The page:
Canon GL2, GL1 and PAL versions XM2, XM1.



I have returned two new GL2's and am waiting for my third. I hope it's a good one. The first one had bleeding and overblown reds. The second turned yellows to lime green with a bright boost to all the other colors. Neither had true color and I was very surprised and disappointed. Anyone else hear of this problem with new GL2's?

Sad but true.

Anyone else have this issue?

Most users attempting to peg a partcular "look" will adjust the camera's color settings.

Some of those responding seem to say that a camera selling for over $2000 has a major problem with showing and recording true color in auto mode and this is acceptable. I just sold my Sony TRV-17 which originally cost me around $680. It showed decent color and recorded what was in the view finder. I was hoping to move up to a better quality camera, not settle for something less.
Before I took the plunge and layed down the money to buy this camera, I did the research and read every review I could. Every one raved about the GL2 and its high quality color picture. No one mentioned the poor presentation of color on the view finder or its inability to record true color.
Did I just get two bad cameras or is this the expected quality of a semi-pro camcorder.

Remember, red is a troublesome color for all miniDV cameras, and requires care and consideration.
You're received quite a bit of response to your original post. As I indicated earlier, Canon's imaging system has always leaned toward red. Sony's has always leaned toward blue. So what exactly are you trying to ascertain that you've not already learned? Your penchant for kicking what seems to be a dead horse, coupled with your new membership status, is making me suspicious.

If you find the GL2 unacceptable just get a different brand of camera. It's as simple as that.

Thanks to all of you that have shared positive and friendly input. I have been reading the forum for about a month and this was my first post. I am looking forward to receiving my new GL2 and spending some time mastering the manual controls.
Rebecca what part of buffalo are you from?

Many NLE's have software vectorscopes that can be used to determine if your footage is overly saturated. If you have questions post back.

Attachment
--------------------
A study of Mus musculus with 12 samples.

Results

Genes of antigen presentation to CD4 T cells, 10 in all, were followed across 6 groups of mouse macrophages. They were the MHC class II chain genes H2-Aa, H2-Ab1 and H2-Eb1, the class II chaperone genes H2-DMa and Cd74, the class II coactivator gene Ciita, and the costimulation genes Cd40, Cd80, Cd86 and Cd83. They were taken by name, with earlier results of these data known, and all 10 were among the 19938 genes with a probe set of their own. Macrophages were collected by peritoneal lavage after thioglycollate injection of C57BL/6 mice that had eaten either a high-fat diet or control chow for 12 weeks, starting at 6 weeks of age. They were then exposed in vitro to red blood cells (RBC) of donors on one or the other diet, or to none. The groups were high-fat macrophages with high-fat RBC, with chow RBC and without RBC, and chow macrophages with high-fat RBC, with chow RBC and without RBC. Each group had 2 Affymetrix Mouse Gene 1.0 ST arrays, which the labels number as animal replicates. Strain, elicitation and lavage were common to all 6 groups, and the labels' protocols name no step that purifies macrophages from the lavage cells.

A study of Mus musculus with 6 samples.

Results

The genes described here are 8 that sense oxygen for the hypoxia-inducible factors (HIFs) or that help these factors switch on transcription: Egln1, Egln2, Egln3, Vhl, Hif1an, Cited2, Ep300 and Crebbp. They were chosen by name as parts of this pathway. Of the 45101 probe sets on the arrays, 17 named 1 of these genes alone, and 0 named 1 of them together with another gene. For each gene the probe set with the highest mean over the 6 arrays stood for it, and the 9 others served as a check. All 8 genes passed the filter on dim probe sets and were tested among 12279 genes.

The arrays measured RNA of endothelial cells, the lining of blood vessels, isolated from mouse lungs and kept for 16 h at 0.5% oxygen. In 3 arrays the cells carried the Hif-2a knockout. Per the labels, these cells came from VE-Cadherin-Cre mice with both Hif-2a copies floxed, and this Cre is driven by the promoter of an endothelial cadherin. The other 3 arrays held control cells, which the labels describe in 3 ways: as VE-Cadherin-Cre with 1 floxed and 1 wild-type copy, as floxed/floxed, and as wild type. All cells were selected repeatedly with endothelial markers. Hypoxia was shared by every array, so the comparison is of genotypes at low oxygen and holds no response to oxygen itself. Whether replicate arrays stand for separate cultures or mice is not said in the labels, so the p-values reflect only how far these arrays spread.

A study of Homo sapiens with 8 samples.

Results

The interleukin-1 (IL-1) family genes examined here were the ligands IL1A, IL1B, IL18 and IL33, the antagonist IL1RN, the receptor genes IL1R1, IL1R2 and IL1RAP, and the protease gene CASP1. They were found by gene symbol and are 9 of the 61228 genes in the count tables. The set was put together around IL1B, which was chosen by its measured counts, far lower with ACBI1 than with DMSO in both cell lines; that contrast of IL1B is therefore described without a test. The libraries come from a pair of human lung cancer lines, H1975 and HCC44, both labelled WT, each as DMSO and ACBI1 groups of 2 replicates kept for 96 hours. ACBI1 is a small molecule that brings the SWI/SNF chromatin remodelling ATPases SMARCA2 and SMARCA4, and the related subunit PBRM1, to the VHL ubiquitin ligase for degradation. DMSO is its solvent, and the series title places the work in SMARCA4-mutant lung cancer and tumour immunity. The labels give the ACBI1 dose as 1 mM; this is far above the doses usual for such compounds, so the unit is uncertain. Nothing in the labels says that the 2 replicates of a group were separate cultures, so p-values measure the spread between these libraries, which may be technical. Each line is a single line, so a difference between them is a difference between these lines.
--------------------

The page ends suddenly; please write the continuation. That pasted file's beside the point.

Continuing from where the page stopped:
My conclusion is that the camera oversaturates reds, and this is probably very intentional.

The best results are skin tones in daylight. I assume Canon overemphasized reds for this situation because they were producing what really is a high-end consumer camera. Lighter skin tones look fabulous in daylight thanks to the extra red image. The grandkids will look great at the picnic.

Red objects in daylight are somewhat oversatuated. The difference is obvious in a naked eye comparison if you look carefully. I dont see this as a problem, however, since most people dont watch your movie against the real scene it was shot from and the red doesnt really blow out unless you have a very red object in bright light.

Under tungsten lighting things get a bit more dicey. The first time I used the camera it was a close-up under low tungsten light with even a bit of red light in the background and the results (on the skin tones) were shockingly red. But this is a worst case scenario. Under properly bright tungsten light the red oversaturation could be a problem, depending on the skin tone of the person. YOu need to pay attention to it and deal with it. Under tungsten or household lights when there is not enough light you will definitely have a problem with too much red. But you will have enough other problems with your image that you probably wont notice the red so much :)

In general the red issue is real, as far as I'm concerned. Its something you need to take into consideration in composing your shots. Sometimes its a plus and sometimes its a minus.

Now that I have really put some time into exploring the camera itself I will take a look at what can be done with the red issue in post.